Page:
The Big Animal Research Debate has received endorsements from senior figures working on different sides of the on-going discussion about the role animal research plays in biology and the creation of new medical technology.
Dr Andre Menache and Antidote Europe
Dr Andre Menache is a zoologist and a veterinary surgeon. He currently serves as the CEO of Antidote Europe, a committee of scientists who work to find alternatives to the use of animals in medical and scientific research. Dr Menache contributed to the process of amending the Declaration of Helsinki, which sets out the key ethical principles the medical research community should follow when conducting experiments involving humans.
Laurie Pycroft and Pro-Test
Laurie Pycroft founded campaigning group Pro-Test in 2006. He set up Pro-Test in response to demonstrations against the construction of a new animal research facility by the University of Oxford. Over five years Pro-Test held a series of rallies to support of the work carried out at the research facility and to raise public awareness of “scientific research as a necessary tool of human progress”. Laurie Pycroft worked alongside a committee of senior academics, journalists and postgraduate and undergraduate students to direct Pro-Test’s activities until the organisation was wound up following the completion of work on the Oxford facility.
In a message to the Big Animal Research Debate Dr Menache said
“The Big Animal Research Debate is an important initiative at a time when animal experimentation is still widely seen as a "necessary evil". Although animal experimentation has traditionally been viewed as a stand-off between medical progress and animal welfare, there are increasing doubts within some sectors of the scientific community regarding the predictive value of animal models in human medicine, which has significant implications both in terms of animal suffering and public health.”
Writing to the Big Animal Research Debate earlier this week, Laurie Pycroft said
“I'm very glad that The Big Animal Research Debate will be directly addressing the important question of whether humanity should continue undertaking medical research on animals. While the overwhelming majority of biomedical researchers and medical practitioners recognise the importance of continuing this work, the UK has seen significant opposition to in-vivo research in recent decades. This debate will provide an excellent opportunity for bright young people to discuss the implications and importance of animal research, and critically consider what the world might look like without it.”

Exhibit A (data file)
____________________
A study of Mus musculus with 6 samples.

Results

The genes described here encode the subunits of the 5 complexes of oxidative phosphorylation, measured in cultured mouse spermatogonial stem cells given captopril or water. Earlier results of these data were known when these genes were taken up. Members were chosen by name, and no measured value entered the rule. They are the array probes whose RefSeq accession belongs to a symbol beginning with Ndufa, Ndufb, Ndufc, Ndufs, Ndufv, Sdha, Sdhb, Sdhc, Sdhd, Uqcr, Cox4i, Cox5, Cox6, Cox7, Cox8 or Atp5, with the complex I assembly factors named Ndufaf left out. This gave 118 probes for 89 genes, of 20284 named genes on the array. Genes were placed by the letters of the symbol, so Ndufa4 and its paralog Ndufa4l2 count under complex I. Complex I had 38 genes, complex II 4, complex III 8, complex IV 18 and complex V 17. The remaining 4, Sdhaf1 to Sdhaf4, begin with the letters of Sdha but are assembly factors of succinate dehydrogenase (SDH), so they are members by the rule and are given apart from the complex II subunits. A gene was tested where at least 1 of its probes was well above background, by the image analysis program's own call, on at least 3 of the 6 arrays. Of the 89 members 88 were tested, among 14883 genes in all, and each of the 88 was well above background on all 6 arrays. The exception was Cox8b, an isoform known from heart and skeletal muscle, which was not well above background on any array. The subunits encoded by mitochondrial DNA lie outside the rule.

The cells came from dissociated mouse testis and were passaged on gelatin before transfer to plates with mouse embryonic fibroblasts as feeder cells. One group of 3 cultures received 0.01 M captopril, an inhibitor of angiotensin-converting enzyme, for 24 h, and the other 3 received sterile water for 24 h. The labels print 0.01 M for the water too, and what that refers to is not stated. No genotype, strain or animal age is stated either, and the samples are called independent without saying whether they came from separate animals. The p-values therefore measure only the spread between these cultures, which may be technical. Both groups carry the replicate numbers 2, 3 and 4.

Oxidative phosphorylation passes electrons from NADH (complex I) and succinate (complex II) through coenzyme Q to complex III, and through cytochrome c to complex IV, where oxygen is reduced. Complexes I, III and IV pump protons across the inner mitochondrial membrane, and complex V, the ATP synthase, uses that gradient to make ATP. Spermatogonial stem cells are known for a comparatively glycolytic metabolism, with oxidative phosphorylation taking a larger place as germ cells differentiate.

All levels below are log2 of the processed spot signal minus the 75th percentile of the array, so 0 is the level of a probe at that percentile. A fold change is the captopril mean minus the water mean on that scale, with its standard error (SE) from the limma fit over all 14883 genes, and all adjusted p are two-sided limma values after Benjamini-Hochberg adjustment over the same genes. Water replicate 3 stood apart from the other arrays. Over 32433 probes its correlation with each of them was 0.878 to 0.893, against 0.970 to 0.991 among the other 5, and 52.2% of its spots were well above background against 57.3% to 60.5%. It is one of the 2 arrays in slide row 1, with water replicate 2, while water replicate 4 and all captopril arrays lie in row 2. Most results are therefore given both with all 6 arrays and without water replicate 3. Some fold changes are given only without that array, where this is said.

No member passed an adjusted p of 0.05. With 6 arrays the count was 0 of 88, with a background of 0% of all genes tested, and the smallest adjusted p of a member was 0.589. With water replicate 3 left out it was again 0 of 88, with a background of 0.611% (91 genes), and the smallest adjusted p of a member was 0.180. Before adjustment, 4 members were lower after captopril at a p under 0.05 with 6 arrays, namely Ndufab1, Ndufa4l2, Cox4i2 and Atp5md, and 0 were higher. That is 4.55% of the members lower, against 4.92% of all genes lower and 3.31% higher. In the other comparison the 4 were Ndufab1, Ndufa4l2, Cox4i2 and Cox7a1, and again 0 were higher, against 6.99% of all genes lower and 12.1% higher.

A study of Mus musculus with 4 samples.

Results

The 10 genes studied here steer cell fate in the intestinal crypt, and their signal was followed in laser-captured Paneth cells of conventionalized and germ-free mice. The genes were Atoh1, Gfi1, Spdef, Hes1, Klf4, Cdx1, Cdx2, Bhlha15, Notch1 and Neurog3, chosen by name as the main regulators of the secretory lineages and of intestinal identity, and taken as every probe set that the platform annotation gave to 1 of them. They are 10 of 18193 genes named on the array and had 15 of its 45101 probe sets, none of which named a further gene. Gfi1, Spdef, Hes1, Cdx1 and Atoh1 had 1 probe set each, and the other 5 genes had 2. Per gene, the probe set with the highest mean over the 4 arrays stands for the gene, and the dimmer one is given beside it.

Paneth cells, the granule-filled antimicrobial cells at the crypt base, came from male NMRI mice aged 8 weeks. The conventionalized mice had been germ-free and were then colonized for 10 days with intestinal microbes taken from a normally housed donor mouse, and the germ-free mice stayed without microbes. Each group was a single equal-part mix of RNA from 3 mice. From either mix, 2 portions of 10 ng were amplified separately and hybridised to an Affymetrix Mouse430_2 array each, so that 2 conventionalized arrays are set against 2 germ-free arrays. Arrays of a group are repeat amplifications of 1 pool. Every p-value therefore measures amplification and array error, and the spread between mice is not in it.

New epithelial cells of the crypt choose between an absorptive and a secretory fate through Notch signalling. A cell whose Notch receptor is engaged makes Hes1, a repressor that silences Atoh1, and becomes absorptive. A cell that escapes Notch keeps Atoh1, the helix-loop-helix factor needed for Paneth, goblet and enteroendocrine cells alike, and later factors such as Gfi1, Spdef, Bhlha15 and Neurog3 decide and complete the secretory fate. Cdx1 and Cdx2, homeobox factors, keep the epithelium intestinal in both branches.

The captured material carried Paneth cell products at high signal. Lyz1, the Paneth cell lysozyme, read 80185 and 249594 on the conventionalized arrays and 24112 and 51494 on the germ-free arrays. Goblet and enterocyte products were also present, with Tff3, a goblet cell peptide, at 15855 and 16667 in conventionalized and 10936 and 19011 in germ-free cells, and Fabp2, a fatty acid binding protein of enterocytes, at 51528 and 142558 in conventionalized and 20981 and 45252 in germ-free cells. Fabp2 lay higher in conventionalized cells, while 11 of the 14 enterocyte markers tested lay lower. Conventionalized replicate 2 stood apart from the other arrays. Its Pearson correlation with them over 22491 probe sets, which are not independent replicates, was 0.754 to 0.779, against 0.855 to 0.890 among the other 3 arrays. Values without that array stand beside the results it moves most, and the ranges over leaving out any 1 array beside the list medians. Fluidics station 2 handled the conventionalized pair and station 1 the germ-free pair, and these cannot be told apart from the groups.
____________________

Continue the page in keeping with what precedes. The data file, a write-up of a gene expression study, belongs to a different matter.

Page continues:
More information about Antidote Europe’s activities and publications can be found on their website, http://antidote-europe.org/en/.
Information about Pro-Test’s activities in support of animal research Oxford can be found at http://www.pro-test.org.uk/about.php. Pro-Test’s sister organisation Speaking of Research remains active and their website can be found at http://speakingofresearch.com/.
About the Big Animal Research Debate
The Big Animal Research Debate is a new public debating project taking place in universities across Ireland, England, Scotland, Wales and beyond.
Between 14th and 17th October more than 20 university debating societies will hold public debates on the motion “This House would ban all forms of animal research”. Many of the events debates will be streamed live on animalresearchdebate.org or made available to view on YouTube.
For more information about the Big Animal Research Debate or to get you university, school or college involved, get in touch by sending an email to email@example.com.